PHOENIX (AP) - Employers would be able to pay full-time students less than Arizona's minimum wage under legislation given preliminary approval in the state House on Wednesday.
The bill, which is likely to be challenged in court if it becomes law, seeks to get around the 2016 ballot measure that raised the minimum wage in phases to $12 per hour in 2020.
Republican Rep. Travis Grantham's measure would allow businesses to pay the federal minimum wage of $7.25 to full-time students up to age 22 working up to 20 hours per week. He said it would help combat youth unemployment and help businesses boost their workforce for low-skilled tasks for which they can't afford to pay people $12 an hour.
"It affords the opportunity for people who currently don't have jobs to get jobs," Grantham said.
Democrats said it's an unconstitutional violation of the voter initiative that would allow employers to pay unequal wages for equal work, discourage schooling and encourage employers to cut older workers in favor of students who could be paid less.
"I don't know one student who says they would want to get paid $4 less than that they currently would have to be paid," said Rep. Reginald Bolding, a Phoenix Democrat.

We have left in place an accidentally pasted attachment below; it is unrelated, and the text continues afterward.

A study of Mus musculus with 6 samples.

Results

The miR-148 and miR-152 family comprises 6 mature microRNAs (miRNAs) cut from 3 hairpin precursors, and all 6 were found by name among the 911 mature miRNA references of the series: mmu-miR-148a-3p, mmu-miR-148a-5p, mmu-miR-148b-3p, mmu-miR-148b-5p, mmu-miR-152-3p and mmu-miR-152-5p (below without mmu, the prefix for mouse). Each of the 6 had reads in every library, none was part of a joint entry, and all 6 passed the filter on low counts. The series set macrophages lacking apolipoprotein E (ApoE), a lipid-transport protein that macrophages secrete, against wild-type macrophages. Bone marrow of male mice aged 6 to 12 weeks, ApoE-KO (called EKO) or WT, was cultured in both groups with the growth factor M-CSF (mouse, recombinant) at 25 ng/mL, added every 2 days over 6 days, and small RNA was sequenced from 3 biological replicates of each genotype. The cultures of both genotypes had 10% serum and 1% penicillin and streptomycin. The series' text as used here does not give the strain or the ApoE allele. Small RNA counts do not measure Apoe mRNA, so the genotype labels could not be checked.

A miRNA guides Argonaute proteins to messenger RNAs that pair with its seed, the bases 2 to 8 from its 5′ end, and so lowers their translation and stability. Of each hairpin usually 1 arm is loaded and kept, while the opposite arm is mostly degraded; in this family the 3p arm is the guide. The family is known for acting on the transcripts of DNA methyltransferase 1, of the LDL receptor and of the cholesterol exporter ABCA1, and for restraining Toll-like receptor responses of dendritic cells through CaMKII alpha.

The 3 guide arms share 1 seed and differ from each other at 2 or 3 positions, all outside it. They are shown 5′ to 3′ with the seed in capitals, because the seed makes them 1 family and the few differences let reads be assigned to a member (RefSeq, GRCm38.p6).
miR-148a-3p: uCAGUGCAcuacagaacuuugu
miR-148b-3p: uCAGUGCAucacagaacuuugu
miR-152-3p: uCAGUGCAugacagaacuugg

Rep. Mitzi Epstein, D-Tempe, said young people are already struggling with crushing student debt, low wages and a regressive tax system that makes it hard for them to build wealth, buy a house or save for retirement.
"We are in a world of hurt with our millennials as it is," Epstein said.
Lawmakers signaled support in a 30-29 vote but still must formally pass the measure before sending it to the Senate.
Arizona law requires support from three-fourths of lawmakers to change a voter-backed initiative. Grantham said his bill doesn't require the supermajority because it changes a section of state law that deals with child labor, not wages - an argument Democrats found dubious.
Proposition 206, the 2016 initiative raising the minimum wage passed in a 58-42 vote, stunning Arizona's influential business lobby. Since then, the GOP-controlled Legislature has aggressively tightened the rules to qualify initiatives for the ballot.
Lawmakers have a history of trying to get around voter initiatives on the minimum wage. Earlier this year, a state appellate court said a 2006 minimum wage initiative prevents the Legislature from blocking local governments from requiring employers to provide additional benefits to workers.